This last Saturday I presented at the Columbus State Community College, in which I continued to develop my persona of published writer with advice to those who wish to follow in my path. I’m adjusting.
The keynote speaker was Naomi Wolf, a writer most famous for The Beauty Myth. I admit I never read the book, but the ideas have influenced me. Her book. along with Susan Faludi’s Backlash, were the feminist texts of my twenties. Because of Wolf I’ve walked through the overlit make-up counters and recognized the bright lights and giant mirrors for what they are—an assault. I might feel that brief nosedive of self-esteem when I see size zero clothing modeled on headless torsos, but at least I am aware of the manipulation.
Wolf’s presentation was on, naturally, political writing, or as she termed it, “advocacy writing.” In the world of creative nonfiction, debates tend to center around truth vs. bending the truth—mostly (I have to say) egghead debates centered around writers only writers know about. But what about political change? Civil rights? Feminism? What about risk as in bodily risk?
I’ve generally shied away from overt political stances. In My Life as Laura, I edited out musings I had on abortions rights and the Ingalls family’s Congregationalist religious background. Maybe I didn’t want my book derailed by circular debates. Maybe I was scared. My tendency is to write sideways political. For instance, I include a gay married couple in my book as matter of fact, versus a huge statement.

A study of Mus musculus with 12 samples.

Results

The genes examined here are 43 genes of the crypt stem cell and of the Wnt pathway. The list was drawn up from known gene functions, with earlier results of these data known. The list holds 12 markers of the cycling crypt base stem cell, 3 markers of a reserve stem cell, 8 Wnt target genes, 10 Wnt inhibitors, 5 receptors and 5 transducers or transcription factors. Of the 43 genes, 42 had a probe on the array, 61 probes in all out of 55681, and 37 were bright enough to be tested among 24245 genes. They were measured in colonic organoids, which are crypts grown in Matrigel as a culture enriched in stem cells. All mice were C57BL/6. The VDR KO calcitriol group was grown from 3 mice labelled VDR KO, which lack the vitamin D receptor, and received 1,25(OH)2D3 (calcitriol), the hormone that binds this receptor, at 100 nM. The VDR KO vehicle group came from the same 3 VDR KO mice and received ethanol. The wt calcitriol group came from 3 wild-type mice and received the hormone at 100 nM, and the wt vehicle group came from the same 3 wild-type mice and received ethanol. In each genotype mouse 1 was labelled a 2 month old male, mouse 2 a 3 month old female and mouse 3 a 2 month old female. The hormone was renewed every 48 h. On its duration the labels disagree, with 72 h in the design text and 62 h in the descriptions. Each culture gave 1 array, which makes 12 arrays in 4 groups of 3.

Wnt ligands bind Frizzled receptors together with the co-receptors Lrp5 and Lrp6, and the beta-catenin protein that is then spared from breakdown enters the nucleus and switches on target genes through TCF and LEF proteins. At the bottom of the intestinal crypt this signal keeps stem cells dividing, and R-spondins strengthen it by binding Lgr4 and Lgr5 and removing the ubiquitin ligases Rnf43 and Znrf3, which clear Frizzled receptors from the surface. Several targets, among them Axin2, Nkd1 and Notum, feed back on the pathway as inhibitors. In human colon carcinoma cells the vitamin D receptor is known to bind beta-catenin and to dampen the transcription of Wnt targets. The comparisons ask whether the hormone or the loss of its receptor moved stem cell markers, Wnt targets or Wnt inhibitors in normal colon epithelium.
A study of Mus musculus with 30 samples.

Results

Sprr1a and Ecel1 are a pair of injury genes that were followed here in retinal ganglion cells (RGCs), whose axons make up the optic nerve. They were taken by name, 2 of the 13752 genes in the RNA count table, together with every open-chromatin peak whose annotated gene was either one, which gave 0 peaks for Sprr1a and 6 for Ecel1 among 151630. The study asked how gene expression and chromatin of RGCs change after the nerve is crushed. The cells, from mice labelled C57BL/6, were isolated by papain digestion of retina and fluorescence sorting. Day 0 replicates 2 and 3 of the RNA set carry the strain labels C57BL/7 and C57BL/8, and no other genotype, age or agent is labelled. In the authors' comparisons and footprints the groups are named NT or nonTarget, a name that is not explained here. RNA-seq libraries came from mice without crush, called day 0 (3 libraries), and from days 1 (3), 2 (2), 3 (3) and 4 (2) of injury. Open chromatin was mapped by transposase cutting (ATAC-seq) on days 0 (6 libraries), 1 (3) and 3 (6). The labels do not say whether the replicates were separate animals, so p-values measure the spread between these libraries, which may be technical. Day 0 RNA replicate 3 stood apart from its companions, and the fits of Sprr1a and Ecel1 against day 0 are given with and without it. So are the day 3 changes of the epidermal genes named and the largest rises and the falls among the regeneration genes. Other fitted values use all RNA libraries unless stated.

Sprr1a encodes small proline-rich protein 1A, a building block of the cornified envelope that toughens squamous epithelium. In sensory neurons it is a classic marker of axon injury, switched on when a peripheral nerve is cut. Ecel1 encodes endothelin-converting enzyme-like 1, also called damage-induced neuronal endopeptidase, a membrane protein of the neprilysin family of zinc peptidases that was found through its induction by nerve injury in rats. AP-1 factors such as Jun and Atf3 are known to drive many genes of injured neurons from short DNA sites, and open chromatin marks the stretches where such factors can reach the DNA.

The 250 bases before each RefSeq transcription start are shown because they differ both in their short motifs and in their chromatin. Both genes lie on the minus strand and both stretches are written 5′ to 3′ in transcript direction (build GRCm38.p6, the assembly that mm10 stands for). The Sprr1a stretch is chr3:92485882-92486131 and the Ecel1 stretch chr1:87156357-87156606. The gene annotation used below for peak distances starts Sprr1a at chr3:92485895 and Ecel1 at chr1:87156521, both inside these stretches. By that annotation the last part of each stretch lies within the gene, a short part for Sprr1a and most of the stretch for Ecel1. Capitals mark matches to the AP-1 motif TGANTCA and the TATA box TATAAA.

Wolf got me thinking, though, that I might be a wuss.
Important writing, she said, is dangerous because it demystifies and strips comfort. You can no longer be a “nice person” who doesn’t make waves. To “write dangerously” means taking risks—emotional risks, personal risks, personal risks. Steve Almond’s recent piece on Mitt Romney and bullying in The Rumpus does this. Almond reveals secrets. He doesn’t mince his position or his language.
Where I balked was with Wolf’s “writing tips.” I believe a writer can do more than “subject/verb” and “strong topic sentences.” Almond managed just fine as he told us a story. And while I do believe in clarity, I might question “moral coherence.” We don’t need slogans and tidy packages. We need to work on our ability to embrace ambiguities.
Yesterday I saw poet Terrance Hayes speak about how he chases surprise. So perhaps just as dangerous are these words from “Cocktails With Orpheus”:
I want to be a human above the body, uprooted and right, a fold
of pleas released, but I am a black wound, what’s left of the deed.